Boomerang buyers look to boost Valley housing marketPosted: Updated:
PHOENIX -- It happened in every neighborhood, in every city across the Valley - homes going into foreclosure during the housing crash of 2008.
Dean Wegner, with the Academy Mortgage Corporation, told CBS 5 that homeowners paid a steep price, by not only losing their house, but having their credit ruined for years.
"They couldn't do anything," Wegner said. "Many of them had to rent because they couldn't buy a home. Lenders basically punished these people for strategic defaults or for having a foreclosure."
Lending guidelines require that anyone with a foreclosure wait at least three years to qualify for an FHA loan up to $271,000 and wait seven years to be eligible for a conventional loan up to $417,000.
Homeowners with a short sale must wait three years for an FHA loan and four years for a conventional loan.
Veterans with a foreclosure or short sale only need to wait two years to be eligible to buy a home again.
Experts recommend checking your credit report long before you start home shopping, and consulting with a lender to see what you qualify for.
Loan requirements are still pretty stringent, Wegner said.
Jodi Buckles, of Phoenix, is among the thousands of Arizona homeowners who've been "waiting it out" to buy another home.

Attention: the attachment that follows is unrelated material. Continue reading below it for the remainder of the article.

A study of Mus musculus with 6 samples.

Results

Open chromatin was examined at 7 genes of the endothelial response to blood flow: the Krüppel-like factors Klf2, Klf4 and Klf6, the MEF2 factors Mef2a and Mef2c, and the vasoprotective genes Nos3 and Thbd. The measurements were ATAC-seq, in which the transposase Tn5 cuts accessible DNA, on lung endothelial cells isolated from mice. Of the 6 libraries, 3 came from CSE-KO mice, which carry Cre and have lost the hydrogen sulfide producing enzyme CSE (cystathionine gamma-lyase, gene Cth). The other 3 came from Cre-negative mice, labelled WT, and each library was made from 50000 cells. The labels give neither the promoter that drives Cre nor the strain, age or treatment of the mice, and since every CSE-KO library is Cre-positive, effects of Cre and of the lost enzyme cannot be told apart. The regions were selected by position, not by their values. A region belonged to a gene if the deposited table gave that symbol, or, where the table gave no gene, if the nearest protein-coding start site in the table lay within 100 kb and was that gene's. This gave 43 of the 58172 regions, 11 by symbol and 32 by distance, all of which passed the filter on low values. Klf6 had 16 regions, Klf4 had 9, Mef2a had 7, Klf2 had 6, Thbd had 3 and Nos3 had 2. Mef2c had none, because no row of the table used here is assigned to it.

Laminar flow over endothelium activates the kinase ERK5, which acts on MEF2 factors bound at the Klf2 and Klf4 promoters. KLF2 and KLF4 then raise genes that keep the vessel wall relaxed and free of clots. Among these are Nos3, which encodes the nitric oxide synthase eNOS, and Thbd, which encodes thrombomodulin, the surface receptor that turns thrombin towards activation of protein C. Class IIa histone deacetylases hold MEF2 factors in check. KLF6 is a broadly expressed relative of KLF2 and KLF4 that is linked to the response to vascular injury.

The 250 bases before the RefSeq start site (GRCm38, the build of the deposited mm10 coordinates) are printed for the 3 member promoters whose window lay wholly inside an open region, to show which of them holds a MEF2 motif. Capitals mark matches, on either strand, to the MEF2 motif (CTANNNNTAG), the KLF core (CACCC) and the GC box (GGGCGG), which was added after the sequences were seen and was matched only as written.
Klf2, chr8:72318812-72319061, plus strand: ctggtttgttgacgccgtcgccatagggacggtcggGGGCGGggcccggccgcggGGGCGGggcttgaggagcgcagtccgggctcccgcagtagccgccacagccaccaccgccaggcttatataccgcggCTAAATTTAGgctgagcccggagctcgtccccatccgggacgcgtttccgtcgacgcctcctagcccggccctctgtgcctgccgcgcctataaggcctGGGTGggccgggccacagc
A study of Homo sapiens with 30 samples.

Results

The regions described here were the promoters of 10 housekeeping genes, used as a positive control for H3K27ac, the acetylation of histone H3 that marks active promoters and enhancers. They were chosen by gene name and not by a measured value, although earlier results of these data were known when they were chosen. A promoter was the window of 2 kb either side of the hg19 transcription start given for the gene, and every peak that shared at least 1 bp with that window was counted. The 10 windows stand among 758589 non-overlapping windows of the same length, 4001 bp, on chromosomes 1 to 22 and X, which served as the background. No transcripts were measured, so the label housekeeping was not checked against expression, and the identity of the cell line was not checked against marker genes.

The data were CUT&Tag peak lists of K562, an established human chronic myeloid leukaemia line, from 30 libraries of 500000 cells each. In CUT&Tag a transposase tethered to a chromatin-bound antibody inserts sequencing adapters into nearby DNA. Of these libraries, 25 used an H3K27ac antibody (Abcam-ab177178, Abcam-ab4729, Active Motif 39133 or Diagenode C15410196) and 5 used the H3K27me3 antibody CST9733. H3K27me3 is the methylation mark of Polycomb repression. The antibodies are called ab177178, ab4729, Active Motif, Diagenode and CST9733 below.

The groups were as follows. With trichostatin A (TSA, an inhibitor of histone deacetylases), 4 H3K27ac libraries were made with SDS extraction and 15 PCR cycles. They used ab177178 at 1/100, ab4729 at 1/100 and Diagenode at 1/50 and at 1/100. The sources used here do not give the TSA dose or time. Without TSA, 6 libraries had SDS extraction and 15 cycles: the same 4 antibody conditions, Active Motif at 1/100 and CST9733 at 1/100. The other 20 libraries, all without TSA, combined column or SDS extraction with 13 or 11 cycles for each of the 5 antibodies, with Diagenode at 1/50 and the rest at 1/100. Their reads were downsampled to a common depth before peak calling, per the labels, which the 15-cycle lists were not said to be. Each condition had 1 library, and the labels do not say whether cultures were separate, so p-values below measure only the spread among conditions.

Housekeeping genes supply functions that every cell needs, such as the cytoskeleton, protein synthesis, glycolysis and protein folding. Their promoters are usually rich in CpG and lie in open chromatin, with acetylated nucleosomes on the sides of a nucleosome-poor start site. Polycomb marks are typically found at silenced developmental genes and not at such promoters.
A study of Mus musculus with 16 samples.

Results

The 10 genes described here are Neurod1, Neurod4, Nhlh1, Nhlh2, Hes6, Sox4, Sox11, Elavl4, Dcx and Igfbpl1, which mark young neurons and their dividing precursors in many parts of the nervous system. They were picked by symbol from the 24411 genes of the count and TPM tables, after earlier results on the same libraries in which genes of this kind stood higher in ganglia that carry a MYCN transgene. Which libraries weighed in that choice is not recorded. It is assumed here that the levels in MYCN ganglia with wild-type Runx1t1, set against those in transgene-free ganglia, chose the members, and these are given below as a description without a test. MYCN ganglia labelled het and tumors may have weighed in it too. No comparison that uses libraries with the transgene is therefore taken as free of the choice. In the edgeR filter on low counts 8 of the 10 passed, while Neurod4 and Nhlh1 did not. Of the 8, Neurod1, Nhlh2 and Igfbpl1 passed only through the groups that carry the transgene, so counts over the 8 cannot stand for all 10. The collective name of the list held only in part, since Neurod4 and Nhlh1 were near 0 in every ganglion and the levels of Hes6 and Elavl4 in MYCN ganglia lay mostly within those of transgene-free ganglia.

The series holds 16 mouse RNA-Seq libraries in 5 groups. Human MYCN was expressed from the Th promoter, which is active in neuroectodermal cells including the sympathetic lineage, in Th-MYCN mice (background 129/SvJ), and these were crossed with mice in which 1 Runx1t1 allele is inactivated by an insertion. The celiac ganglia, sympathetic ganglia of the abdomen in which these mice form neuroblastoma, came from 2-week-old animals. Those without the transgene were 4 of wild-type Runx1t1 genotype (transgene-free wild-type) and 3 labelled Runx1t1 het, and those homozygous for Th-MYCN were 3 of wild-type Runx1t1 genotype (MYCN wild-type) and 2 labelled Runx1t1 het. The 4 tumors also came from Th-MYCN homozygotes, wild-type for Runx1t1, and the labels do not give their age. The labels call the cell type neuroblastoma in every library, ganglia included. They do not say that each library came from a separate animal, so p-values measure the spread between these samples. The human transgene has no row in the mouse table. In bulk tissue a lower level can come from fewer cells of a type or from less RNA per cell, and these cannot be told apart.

During the recession in 2008, Buckles lost her job and her family was forced to foreclose on their house.
"It was definitely one of the hardest things our family has been through," Buckles said. "Something you never foresee coming."
Now, Buckles and thousands of other Arizona homeowners have new hope, because their punishment of bad credit is about to expire.
Buckles is what you'd call, a "boomerang buyer."
A boomerang buyer is someone whose credit was ruined after a foreclosure or short sale during the recession, but now enough time has passed that they can qualify for a home loan again.
Real estate experts told CBS 5 that a wave of boomerang buyers are re-entering the Valley's housing market, which should be good news for Arizona home value.
"We have always been homeowners, so being in this spot definitely feels awkward," Buckles said. "We're excited to be homeowners again."